Bulandshahr violence: Fear of arrest keeps labourers away, agriculture work hit
Labourers had not returned to villages and this was compounding the woes of farmers during the peak of sugarcane crushing season, claimed locals.Updated: Dec 13, 2018 08:23 IST
Fearing arrest, majority of men have fled the affected villages in Bulandshahr after the mob violence that led to the death of police inspector Subodh Kumar Singh and a local youth Sumit Kumar in Syana tehsil on December 3.
Labourers had not returned to villages and this was compounding the woes of farmers during the peak of sugarcane crushing season, claimed locals.
An FIR was lodged against 27 named and over 60 unidentified people in the violence. Police believe that most of the people involved in the violence belonged to Mahav, Chingrawathi, Nayabaans and Nayagaon villages under Syana tehsil.
The SIT formed under the supervision of IG Meerut range Ramkumar identified a few more perpetrators of violence and six teams were formed to arrest the named accused and identify the unidentified rioters.
A named case was registered against seven people who were allegedly involved in the cow slaughter incident in Mahav village, which triggered the violence. Later, one of the accused, Anas, was found to be a minor and his name was excluded from the case.
So far, four accused had been arrested in the cow slaughter case while11 out of the 27 named accused identified through video clips were held in different raids, confirmed the SSP office of Bulandshahr.
However, the villagers claimed that the police seemed to have no criteria for making arrests. On the basis of video clips, the raid teams even arrested those who had gone to a catch bus or auto from the bus stand on December 3, they alleged.
Premjeet Singh of Mahav village claimed that majority of men had not returned to the affected villages even nine days after the violence due to the fear of being arrested. “Nobody knows whose names are on the police list and therefore they are keeping themselves away from villages,” he said.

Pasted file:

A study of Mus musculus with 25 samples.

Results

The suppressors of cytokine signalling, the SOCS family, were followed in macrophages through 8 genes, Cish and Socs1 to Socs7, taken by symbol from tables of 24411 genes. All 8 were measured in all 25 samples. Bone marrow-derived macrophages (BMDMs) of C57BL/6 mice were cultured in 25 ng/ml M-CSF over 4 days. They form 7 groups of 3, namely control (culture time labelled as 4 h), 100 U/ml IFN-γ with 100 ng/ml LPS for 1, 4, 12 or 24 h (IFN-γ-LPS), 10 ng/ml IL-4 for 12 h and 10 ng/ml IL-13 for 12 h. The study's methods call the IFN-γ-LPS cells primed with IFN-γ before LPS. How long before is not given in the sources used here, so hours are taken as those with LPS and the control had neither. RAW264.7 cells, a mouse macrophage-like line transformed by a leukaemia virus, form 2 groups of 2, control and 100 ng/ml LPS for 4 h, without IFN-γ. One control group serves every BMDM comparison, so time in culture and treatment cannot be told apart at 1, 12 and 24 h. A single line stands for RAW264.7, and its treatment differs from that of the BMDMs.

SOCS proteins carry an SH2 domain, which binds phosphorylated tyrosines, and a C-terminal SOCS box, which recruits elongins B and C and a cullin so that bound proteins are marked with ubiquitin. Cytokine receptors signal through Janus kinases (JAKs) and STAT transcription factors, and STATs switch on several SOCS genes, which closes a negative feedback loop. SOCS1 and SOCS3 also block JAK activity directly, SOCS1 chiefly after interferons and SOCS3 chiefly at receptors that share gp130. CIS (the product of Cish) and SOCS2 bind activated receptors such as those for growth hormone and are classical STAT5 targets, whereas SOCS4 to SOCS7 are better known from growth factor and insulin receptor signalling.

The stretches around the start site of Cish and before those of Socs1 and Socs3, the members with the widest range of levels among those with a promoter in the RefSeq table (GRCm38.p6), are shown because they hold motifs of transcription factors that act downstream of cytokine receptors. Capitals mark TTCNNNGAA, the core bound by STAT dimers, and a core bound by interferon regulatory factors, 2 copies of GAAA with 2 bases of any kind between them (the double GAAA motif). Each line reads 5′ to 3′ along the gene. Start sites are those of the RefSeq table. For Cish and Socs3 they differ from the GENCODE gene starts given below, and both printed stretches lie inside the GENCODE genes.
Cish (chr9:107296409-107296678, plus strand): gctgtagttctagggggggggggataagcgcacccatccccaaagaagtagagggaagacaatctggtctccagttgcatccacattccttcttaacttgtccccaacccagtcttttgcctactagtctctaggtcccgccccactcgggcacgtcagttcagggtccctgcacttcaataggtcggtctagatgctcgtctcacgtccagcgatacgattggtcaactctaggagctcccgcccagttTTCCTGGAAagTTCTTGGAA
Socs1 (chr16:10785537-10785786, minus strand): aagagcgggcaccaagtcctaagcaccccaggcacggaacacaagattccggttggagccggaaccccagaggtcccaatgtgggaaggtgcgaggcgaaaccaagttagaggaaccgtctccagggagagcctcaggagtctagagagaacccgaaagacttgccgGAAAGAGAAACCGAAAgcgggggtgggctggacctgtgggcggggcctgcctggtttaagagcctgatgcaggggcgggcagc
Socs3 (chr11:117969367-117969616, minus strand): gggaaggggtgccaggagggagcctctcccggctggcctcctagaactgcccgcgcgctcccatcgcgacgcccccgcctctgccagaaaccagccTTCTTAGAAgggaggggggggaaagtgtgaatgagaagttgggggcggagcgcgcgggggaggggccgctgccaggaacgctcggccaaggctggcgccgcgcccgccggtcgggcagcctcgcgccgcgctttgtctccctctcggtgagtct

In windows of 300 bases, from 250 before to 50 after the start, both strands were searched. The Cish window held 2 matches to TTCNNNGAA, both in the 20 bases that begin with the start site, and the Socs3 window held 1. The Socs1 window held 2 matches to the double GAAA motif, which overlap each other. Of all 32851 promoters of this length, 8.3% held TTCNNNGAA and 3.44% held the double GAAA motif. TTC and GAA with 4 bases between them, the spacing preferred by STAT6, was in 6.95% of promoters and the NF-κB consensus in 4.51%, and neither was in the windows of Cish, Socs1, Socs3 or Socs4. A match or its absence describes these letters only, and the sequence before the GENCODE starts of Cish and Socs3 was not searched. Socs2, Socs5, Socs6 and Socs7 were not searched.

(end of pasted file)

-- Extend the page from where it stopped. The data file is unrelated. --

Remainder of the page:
Mahav village pradhans’s son Krishan Pal said labourers also fled from the village and this had compounded the woes of farmers during the peak of sugarcane crushing season.
“This is the time when farmers take their cane to the mills. In the absence of labourers, sugarcane crop is lying unattended in the fields and supply slips issued by ganna samiti in names of farmers have expired. Worried farmers want to return to their villages, but are scared of the ongoing police raids,” said Pal.
The situation in neighbouring villages – Chingrawathi, Nayabaans and Nayagaon – is similar and villagers are worried over the halt in agriculture activities and unavailability of fodder for cattle.
Officials of Rashtriya Jat Mahasangh echoed similar views saying the situation in these villages was getting worse due to fear of police raids.
Rohit Jakhar, state acting president of the mahasangh, said police should arrest those who were involved in violence instead of creating an atmosphere of fear in villages.
He said villagers had left their homes due to fear and were not ready to return till the raids were on.
“This has created a problem as women can’t go to the fields to collect fodder for cattle. Sugarcane crops lying unattended are drying and agriculture activities have come to a halt,” he added.
He expressed apprehension that this atmosphere of fear may polarise villagers for a bigger movement for their survival.